Picky Eater or Food Aversion?
As a parent, do you dread mealtime?
Are you forcing or bribing your child to eat?
Is she a “picky” eater?
Does he cry during mealtime?
If you answered yes to any of these questions, your child may suffer from a feeding disorder.
Eating is Complex
Feeding is one of the most important skills we learn. Although it may seem simple, for some it can be challenging. Eating is a complex process and requires all systems in the body to cooperate and coordinate together.
Some children who suffer from a feeding disorder have complex medical conditions, whereas for others it can attribute to sensory and/or behavioral factors. Whatever the case, it is important to seek appropriate treatment for feeding challenges.
Food aversions and swallowing disorders can start as early as infancy. Infants with normal oral motor skills and swallowing functions can have food aversions, but most food aversions and swallowing disorders are seen in children with medical disorders such as prematurity, heart disease, pulmonary disease, gastroesophageal reflux disease (GERD), delayed gastric emptying, neurological disorders and oral motor impairments.
Signs of a Feeding Disorder
- Weak suck (the bottle/pacifier will fall out of his mouth if you let go)
- Long feedings (taking more than 20-30 minutes to finish a bottle)
- Reduced lip seal
- Fatigue (gets tired only after a few sucks)
- Coughing during feedings
- Arching his back during or after feeds
Infants may also exhibit:
- Poor weight gain
- Sleep problems
- Oral defensiveness (not wanting anything to touch their mouth)
- Poor coordination
- Failure to thrive
A speech-language pathologist can determine how to help your child overcome these deficits. The same techniques do not work for every child, so it is important to have a thorough evaluation to determine what will work best.
Many children carry food aversions and/or swallowing disorders into their childhood years. Children are “picky eaters” because they go through stages of fearing food. As they get older, that fear of new foods begins to improve and they begin to select a variety of different foods.
A child with sensory challenges often limits the foods he will eat because of sensory experiences in the past that were painful. Some eat as few as three or four different foods which have similar traits, such as being the same color, being easy to chew or having a similar texture.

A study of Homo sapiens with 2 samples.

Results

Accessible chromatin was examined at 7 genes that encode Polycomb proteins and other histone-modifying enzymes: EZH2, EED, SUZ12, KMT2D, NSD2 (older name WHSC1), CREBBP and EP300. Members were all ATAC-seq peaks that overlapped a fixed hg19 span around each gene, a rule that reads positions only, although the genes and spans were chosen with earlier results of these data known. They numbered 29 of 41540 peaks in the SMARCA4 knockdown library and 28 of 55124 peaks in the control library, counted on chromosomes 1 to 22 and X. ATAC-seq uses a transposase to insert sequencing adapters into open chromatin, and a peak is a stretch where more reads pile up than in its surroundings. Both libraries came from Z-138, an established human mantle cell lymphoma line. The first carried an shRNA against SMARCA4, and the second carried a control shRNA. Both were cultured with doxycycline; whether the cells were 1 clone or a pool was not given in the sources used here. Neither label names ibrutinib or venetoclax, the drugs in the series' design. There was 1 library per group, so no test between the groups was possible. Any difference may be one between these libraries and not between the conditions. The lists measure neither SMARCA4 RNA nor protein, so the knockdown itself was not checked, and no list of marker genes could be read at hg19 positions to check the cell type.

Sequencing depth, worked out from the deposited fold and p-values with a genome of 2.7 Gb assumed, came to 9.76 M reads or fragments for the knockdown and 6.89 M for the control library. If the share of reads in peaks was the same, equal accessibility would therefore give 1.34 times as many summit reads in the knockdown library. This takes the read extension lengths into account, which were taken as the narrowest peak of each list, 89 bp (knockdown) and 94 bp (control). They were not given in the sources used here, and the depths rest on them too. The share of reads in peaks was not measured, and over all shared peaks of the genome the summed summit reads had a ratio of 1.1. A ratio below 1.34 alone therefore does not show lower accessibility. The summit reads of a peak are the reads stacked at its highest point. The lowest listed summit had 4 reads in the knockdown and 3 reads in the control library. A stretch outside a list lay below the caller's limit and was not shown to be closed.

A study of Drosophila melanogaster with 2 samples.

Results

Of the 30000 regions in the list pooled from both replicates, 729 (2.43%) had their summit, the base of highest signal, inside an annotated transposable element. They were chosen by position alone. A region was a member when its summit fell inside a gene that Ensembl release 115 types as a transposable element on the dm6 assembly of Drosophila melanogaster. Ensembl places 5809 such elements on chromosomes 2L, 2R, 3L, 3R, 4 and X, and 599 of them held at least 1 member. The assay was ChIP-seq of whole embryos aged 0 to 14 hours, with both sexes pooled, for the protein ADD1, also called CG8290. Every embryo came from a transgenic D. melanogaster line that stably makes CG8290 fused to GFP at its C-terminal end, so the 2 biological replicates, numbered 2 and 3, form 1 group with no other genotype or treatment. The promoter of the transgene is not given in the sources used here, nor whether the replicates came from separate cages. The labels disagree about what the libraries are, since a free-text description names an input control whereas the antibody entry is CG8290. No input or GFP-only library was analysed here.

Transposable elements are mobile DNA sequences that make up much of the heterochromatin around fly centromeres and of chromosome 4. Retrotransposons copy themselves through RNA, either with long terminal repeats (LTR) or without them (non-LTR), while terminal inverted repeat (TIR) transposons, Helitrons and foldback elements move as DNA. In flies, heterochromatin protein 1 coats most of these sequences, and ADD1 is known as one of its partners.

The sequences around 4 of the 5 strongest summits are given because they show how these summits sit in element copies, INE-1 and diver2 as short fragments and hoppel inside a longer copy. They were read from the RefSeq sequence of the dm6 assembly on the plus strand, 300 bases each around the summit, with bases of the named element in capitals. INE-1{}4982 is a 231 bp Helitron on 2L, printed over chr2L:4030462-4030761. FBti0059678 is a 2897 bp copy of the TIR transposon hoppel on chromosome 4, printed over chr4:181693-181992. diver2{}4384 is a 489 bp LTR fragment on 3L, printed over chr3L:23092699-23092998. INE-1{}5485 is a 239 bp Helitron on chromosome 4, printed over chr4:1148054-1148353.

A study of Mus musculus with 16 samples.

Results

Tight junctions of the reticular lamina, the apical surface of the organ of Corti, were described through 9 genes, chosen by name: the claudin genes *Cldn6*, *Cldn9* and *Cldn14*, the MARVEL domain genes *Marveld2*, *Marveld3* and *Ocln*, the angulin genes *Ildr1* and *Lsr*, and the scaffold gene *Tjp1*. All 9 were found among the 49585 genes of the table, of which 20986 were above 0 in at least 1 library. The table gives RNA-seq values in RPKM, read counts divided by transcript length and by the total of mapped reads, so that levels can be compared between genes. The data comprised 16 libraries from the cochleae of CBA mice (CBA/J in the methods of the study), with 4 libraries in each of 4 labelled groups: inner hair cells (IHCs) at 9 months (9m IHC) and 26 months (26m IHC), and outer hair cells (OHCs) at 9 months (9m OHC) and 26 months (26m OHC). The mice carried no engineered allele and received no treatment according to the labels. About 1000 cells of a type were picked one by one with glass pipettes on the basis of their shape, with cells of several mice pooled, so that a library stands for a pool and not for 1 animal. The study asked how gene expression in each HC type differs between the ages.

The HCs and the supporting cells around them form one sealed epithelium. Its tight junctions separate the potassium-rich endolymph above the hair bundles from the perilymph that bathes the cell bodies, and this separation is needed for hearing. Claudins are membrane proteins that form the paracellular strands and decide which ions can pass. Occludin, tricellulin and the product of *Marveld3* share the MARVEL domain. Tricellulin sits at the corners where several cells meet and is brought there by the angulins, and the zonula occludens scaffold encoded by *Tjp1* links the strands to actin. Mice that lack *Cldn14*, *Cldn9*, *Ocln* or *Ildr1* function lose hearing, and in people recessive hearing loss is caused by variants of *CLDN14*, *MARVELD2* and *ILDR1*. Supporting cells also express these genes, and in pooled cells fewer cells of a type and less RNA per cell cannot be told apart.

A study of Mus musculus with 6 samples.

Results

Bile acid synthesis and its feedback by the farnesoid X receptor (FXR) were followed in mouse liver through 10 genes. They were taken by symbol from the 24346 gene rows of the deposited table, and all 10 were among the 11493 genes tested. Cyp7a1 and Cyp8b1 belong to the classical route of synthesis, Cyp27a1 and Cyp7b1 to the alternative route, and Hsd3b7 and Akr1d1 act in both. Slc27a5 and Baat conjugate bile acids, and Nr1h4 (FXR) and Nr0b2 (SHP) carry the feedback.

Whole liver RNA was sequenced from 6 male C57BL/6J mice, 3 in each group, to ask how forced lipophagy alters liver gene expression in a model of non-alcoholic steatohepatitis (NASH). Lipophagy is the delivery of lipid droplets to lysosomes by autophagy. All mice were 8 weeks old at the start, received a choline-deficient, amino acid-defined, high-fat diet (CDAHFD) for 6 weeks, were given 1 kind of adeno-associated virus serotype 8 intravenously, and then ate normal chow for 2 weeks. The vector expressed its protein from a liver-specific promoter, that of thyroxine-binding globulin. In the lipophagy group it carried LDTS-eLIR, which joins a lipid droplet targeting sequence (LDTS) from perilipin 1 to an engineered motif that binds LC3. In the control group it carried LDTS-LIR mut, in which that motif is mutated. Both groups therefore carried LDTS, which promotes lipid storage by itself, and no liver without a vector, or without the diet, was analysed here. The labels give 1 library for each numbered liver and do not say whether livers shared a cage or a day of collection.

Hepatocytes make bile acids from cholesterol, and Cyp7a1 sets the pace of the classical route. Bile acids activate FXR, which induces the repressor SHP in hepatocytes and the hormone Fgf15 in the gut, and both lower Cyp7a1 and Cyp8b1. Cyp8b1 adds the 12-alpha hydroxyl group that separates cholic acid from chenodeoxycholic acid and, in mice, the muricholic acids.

Aversive reactions to foods they do not like include:
- Negative facial expressions
Sensory deficits can lead to behavioral responses such as:
- Throwing food
- Vomiting to avoid eating
Help Your Child
- Create a routine. Start by making a meal/snack schedule. He does not need to graze; he needs a meal or snack every 2-2.5 hours. If he likes to graze, start with 1-1.5 hours between meals.
- Do not let your child walk around with a sipper cup all day so he won’t fill up on liquids.
- Start with a verbal warning (“We’re going to eat in 10 minutes”).
- When it is time to eat, ask him to wash his hands and fix his plate.
- Include foods from three different food groups at each meal.
- Put at least one non-preferred/new food on his plate or in front of him, and whether he eats it or not, leave it there.
- Research shows it takes up to 20 presentations of a new food before a child will try it. When he tries it, praise him verbally or by blowing bubbles or reading a page in a favorite book.
- Encourage your child to play with his food and get messy. Do not wipe his face while eating.
- Before he finishes, have him interact with the non-preferred food—smell it, touch it, kiss it, lick it and eventually put it in his mouth.
- After eating, have him wash his hands and clean his face.
If you suspect a swallowing/feeding disorder, ask your pediatrician for referral to a speech-language pathologist or occupational therapist.
Eating may seem simple, for some children it can be a challenge.